Los Angeles employers would be well-advised to keep in mind that employee privacy interests are protected by a patchwork of different laws. California’s constitution includes a right to privacy, as does the U.S. Constitution’s Fourth Amendment, which makes unreasonable searches illegal. Many other federal laws protect specific aspects of employee privacy and as employers increasingly monitor employees, courts will continue to establish the limits.
How Much Can an Employer Monitor?
A Los Angeles employer may generally monitor an employee’s workplace communications, including computer use and business phone calls. Emails sent using the employer’s computer system are considered the employer’s property, and, in most cases, employers can view employee emails if they have a valid business purpose for doing so. Indeed, emails are often used in employment disputes as evidence of employee misconduct. Similarly, employers may track websites visited by employees, block employees from certain websites, and limit how much time an employee can spend on a website.
Employers have a legitimate interest in monitoring employees’ work to ensure productivity but would be well-advised to not allow the surveillance go beyond legitimate business interests. It can be difficult to ascertain where the boundary is, but cases have provided examples. One established boundary is a hidden camera filming in locker rooms. In 2006, a federal judge in California ruled that Ontario police officers’ rights were violated by the installation of a video camera in a men’s locker room. Hidden video surveillance where employees have an expectation of privacy therefore crosses the line.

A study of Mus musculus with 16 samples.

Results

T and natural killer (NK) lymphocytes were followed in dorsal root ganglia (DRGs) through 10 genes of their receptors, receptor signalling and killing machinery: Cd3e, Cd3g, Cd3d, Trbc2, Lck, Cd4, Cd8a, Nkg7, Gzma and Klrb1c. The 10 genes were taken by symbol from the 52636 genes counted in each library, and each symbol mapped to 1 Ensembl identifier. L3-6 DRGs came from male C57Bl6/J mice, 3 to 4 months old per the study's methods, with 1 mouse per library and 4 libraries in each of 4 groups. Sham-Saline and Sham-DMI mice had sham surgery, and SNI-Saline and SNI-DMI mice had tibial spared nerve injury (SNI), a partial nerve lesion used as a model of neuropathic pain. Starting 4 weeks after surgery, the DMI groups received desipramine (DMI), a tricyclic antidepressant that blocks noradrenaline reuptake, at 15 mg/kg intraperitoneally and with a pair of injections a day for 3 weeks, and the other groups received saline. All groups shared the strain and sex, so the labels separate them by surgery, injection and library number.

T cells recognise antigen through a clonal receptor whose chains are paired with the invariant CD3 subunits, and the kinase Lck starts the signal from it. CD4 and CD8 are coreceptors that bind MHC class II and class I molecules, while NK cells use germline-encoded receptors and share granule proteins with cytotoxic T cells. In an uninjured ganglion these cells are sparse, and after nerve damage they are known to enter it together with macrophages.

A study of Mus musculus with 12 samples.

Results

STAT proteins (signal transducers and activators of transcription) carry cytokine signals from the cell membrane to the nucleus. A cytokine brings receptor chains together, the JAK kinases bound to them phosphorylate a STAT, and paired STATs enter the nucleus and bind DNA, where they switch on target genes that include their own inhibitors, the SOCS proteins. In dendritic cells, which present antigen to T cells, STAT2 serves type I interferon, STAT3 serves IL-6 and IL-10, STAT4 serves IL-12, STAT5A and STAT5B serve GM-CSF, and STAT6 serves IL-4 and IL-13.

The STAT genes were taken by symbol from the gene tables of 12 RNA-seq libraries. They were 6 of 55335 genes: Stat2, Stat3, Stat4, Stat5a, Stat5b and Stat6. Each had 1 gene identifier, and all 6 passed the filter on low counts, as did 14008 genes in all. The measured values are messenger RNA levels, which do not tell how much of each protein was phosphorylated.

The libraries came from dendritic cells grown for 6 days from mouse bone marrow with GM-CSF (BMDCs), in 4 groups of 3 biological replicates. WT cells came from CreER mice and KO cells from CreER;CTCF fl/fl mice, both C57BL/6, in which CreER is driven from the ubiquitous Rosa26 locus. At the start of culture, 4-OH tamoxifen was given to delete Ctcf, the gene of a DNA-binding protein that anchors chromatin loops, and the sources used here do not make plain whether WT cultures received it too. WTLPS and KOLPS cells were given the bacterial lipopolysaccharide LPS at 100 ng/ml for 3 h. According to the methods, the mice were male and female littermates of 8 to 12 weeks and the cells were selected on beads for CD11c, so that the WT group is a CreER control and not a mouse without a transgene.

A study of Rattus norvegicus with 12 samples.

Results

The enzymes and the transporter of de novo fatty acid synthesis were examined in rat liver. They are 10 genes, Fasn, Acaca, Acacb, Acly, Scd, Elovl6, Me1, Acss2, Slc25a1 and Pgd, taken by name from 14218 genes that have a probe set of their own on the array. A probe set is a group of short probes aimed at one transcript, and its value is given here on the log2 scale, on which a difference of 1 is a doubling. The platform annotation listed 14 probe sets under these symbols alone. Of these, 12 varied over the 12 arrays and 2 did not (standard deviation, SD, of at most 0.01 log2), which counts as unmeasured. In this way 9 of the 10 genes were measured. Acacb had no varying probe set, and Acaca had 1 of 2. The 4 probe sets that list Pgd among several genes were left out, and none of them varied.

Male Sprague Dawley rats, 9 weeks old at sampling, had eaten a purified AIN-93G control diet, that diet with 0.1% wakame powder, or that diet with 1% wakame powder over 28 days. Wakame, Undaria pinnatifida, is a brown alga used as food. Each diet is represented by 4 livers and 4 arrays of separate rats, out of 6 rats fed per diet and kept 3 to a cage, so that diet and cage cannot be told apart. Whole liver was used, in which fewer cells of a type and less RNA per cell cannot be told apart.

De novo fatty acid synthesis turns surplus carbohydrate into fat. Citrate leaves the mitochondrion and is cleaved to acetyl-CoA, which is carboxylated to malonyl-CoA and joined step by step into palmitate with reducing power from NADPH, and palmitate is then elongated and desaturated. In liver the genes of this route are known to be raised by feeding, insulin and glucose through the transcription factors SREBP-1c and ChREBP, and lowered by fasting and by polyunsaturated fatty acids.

Recently, a case involved an employer who tracked movements of an employee through a GPS-enable app on the employee’s work phone, even tracking the employee on weekends and at night, when she was not working. The former employee is bringing a lawsuit, and if the court finds that GPS tracking employees outside of work is not reasonable, the employee could recover a sizable amount in damages.
For more information on what is and is not reasonable, contact the experienced Los Angeles business attorneys at Hart, Watters & Carter. They will work with you to examine your workplace policies and ensure that you are engaging in employee privacy best practices.